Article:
Goss: Lyndsay Kooi exemplifies what is good in sports
July 4, 2012 10:52PM
Lyndsay Kooi | Supplied photo
Updated: August 6, 2012 6:21AM
In a world that treasures winning, Lyndsay Kooi offers a refreshing thought.
“Sportsmanship is what sports are all about,” the 2009 Minooka graduate said. “You’re not going to be remembered for your wins, but for the person you are off the court.”
Kooi, who will enter her senior season in the fall as the setter on the women’s volleyball team at Quincy University, has put the words into practice all her life. The Great Lakes Valley Conference, of which Lewis is the local member, noticed, recently awarding her the 2012 GLVC Female Sportsmanship Award. She also is the GLVC nominee for the annual NCAA Student-Athlete Sportsmanship Award.
The GLVC award is presented to one male and one female student-athlete who have distinguished themselves through demonstrated acts of sportsmanship and ethical behavior. Nominees for the award are presented to the conference office by each institution’s Student-Athlete Advisory Committee.
“I am very humbled to receive this award,” Kooi said, thanking her parents, Kaye and Bert, the latter the former Minooka football coach. “This is a huge reflection of my parents. It is a true reflection of them, how they raised me and taught me and how participating in sports taught me to learn their values. So, a big shout-out to them.
“I also want to give special thanks to my coach at Quincy (Jennifer Constantino). She emphasizes sportsmanship, to have respect for the team and the player. It’s the same with the GLVC. They stress the importance of sportsmanship.”
The news release from Quincy announcing Kooi’s award said this:
“Kooi has long demonstrated the meaning of good sportsmanship, but one example this past fall was highlighted following a loss at the annual GLVC-GLIAC Crossover event.
“At Kooi’s urging, Quincy remained behind to cheer on fellow conference member Missouri S&T. After the Lady Miners’ thrilling win, Kooi led her teammates to the court to congratulate S&T. It didn’t matter to Kooi that just a few weeks earlier Quincy lost a heartbreaking match to the Lady Miners.”
Kooi said although the award is for an individual, “any of the girls on our team could have deserved it. I learn something from all of team every day. It’s easy being around those kinds of kids.
“The award is a victory for me in a sense, but I have to share it with a lot of other people. Any victory is always a team victory.”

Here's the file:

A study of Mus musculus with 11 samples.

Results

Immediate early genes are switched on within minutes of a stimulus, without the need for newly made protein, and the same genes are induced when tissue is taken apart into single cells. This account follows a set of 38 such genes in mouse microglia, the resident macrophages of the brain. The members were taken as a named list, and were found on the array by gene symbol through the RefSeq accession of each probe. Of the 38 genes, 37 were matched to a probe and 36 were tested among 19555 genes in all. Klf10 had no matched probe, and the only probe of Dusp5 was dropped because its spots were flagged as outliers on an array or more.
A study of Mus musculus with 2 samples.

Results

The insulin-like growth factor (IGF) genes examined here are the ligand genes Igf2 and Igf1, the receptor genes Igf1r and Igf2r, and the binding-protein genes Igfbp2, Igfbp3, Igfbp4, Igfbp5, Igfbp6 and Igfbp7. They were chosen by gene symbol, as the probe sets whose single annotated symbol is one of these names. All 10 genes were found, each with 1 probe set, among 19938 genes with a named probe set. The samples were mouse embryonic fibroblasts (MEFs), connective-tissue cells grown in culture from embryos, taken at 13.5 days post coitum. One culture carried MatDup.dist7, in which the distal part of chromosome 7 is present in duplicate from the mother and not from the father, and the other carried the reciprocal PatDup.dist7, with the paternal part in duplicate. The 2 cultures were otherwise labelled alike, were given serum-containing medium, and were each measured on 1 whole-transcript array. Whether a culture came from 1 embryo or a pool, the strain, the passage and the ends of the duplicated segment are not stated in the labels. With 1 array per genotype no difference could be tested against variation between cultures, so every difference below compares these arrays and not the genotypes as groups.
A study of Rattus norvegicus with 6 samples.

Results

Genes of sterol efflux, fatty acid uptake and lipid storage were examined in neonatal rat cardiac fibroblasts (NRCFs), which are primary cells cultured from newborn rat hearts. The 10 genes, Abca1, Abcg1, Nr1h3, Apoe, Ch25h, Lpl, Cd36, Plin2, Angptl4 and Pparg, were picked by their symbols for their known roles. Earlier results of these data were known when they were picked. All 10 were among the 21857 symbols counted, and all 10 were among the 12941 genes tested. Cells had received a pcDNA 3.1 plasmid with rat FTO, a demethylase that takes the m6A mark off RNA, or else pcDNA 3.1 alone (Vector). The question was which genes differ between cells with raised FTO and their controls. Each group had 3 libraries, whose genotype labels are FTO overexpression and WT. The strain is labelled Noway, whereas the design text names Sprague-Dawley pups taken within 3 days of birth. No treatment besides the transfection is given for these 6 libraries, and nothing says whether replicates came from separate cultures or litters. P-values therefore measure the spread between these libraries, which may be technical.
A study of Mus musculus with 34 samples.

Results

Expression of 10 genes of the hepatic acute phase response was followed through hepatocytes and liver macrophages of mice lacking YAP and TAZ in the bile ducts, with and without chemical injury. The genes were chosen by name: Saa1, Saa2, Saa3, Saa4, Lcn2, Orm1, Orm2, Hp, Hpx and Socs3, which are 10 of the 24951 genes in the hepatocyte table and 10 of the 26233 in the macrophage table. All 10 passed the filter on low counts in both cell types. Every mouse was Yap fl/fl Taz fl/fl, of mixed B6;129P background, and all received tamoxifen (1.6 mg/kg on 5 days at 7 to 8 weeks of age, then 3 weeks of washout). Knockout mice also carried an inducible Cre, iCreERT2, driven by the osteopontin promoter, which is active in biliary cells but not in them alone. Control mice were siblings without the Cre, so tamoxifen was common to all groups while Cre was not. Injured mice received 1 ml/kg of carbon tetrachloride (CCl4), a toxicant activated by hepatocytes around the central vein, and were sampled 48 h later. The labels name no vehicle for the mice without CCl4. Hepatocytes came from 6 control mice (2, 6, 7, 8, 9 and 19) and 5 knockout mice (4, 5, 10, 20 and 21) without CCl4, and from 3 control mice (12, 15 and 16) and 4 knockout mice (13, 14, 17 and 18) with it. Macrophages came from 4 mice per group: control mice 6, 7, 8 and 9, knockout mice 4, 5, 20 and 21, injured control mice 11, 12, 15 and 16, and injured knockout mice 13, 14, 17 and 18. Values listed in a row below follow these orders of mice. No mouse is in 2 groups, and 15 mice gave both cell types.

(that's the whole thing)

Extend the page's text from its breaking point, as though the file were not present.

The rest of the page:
Kooi participated in basketball and track at Minooka, “but volleyball always has been my love,” she said. She played three seasons on the Minooka varsity and was an All-Southwest Prairie Conference selection her last two years.
The regular setter since she arrived at Quincy and a co-captain for the first time last season, Kooi helped the Hawks to a 15-14 record as she totaled a career-high 1,030 assists, 9.81 per game. She has accumulated nearly 2,600 assists and 551 digs in her career and twice has been a GLVC Academic All-Conference choice.
“We made the conference tournament last year for the first times since 2003,” Kooi said. “That was big for us. Quincy has really been good for me from a volleyball standpoint. I’m looking forward to getting back there in the fall.
“I visited a few places here and there coming out of high school, but Quincy really stuck out. I liked the feeling that when I stepped on campus, that was it.”
As you might expect, Kooi takes her role as captain seriously, but does not flaunt it.
“Whether I have the title or not, I will always be the person I am, being there for my teammates and showing them good example,” she said. “I think I do a good job talking to kids who need it even before the coach gets to it. I just have to make sure we are communicating the same thing.”
Again, quoting from the announcement of the award:
“The NCAA Student-Athlete Sportsmanship Award honors student-athletes who, through their actions in the competitive arena of intercollegiate athletics, have demonstrated one or more of the ideals of sportsmanship, including fairness, civility, honesty, unselfishness, respect and responsibility. Selections will be made this August by the NCAA Committee on Sportsmanship and Ethical Conduct.”
Without a doubt, Kooi is a worthy candidate. If she wins, you can bet she will accept the award in a humble manner. If she doesn’t, that will not change her a bit. She will remain the ideal teammate.
Meanwhile, Kooi is working toward a degree in physical education, “like my dad. Then I hope to be a graduate assistant somewhere in volleyball and get my master’s in health.”